Q: What is disability insurance?
A: Disability insurance can provide income from an insurer to replace income that is lost through illness or injury of the policy holder, whether it be in the short term or long term. Income provided through disability insurance usually represents a percentage of normal earnings and can be privately purchased and owned or provided by an employer.
Q: Why would I need or own disability insurance?
A: The purpose of disability insurance is to ensure that a professional is able to replace income on which that person is dependent to cover everyday expenses. A person’s ability to earn income is often their most valuable asset. Most people work because they need to, not because they want to, and many have invested irreplaceable years in school and in building a career. Disability insurance helps the insured protect the cash flow that they have worked their entire career to create.
Q: If I have disability insurance from my employer, is that enough or do I need more?
A: If you are comfortable with the income that you would receive from your employer’s plan, net of any applicable tax, then you probably don’t need more. However, disability plans from an employer are taxable and may not cover essential parts of your income such as bonuses or commissions. In those cases, a supplemental policy would be appropriate. A typical employer disability plan covers 60 percent of the base salary before applicable taxes. Often, people feel that less than 60 percent of their base salary would not be enough to cover everyday expenses. In this case, a supplemental policy could make up some of the difference.
Q: Under what circumstances does a disability insurance policy pay me?
A: Once the insured has satisfied any waiting period (often 90 days), the disability benefits would begin if you meet the definition of disability under your contract. A physician must corroborate that the injury or illness has rendered the insured disabled.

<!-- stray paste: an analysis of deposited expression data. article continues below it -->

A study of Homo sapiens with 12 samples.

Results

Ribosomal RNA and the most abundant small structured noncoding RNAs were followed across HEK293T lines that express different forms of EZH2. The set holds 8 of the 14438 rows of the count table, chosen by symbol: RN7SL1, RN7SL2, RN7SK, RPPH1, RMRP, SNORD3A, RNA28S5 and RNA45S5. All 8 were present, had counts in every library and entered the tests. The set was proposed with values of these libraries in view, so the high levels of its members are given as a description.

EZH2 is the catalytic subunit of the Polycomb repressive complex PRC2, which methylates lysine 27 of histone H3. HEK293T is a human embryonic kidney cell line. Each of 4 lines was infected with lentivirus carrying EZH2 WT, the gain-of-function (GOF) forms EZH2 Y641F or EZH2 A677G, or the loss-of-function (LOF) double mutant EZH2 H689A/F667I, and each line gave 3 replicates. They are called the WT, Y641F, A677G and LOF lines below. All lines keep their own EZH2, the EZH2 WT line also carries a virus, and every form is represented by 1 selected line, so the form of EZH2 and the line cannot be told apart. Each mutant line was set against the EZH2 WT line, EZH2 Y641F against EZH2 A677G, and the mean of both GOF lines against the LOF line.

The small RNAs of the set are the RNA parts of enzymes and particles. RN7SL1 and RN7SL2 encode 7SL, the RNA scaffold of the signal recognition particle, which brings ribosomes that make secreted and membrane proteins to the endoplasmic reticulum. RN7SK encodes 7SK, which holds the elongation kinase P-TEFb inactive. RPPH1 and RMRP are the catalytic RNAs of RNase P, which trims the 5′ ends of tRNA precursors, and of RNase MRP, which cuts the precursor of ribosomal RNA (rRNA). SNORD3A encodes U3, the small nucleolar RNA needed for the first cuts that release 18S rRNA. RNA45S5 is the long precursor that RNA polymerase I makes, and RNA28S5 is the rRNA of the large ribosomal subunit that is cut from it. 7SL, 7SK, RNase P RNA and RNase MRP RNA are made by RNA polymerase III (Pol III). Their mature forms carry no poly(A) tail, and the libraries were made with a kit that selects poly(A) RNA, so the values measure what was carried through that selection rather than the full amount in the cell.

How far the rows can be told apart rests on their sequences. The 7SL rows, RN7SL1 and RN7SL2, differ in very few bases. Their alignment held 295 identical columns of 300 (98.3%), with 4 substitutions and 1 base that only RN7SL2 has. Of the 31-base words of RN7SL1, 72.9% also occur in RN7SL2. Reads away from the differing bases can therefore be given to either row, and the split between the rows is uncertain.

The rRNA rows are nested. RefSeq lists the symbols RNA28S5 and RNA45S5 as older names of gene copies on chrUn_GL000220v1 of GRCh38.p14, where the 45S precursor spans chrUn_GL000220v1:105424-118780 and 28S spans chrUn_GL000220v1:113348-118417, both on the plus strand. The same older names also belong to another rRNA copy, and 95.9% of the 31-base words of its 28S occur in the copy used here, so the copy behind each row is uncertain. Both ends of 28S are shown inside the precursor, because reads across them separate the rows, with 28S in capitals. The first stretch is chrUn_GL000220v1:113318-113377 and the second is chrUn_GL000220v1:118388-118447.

Q: What is the “definition of disability?”
A: Some contracts will only pay if the insured cannot perform the functions of any job. This can be problematic if an injury would force an individual to make a significant career change. For example, if a person relies primarily on their mental capacity to perform a high-paying corporate job, a head injury might prevent them from being able to continue in that field. This person might still be able to perform a variety of jobs, such as working an assembly line or packing grocery bags. Of course, the difference in income might mean a significant lifestyle change for the insured. Policies that go a step further will provide “own occupation” coverage, which protects the insured if they can’t do the job that they already have. For physicians, one step further is a policy that would protect the income based on their specialty and not just the broad occupation of “physician.”
Q: What other areas of disability planning should I be aware of?
A: Talk to your financial professional about planning for disability coverage if you are a business owner. Plans for business owners can cover partners who may become disabled and can no longer work, or what happens if the business owner cannot be there to run the business, or even potential buyouts if necessary.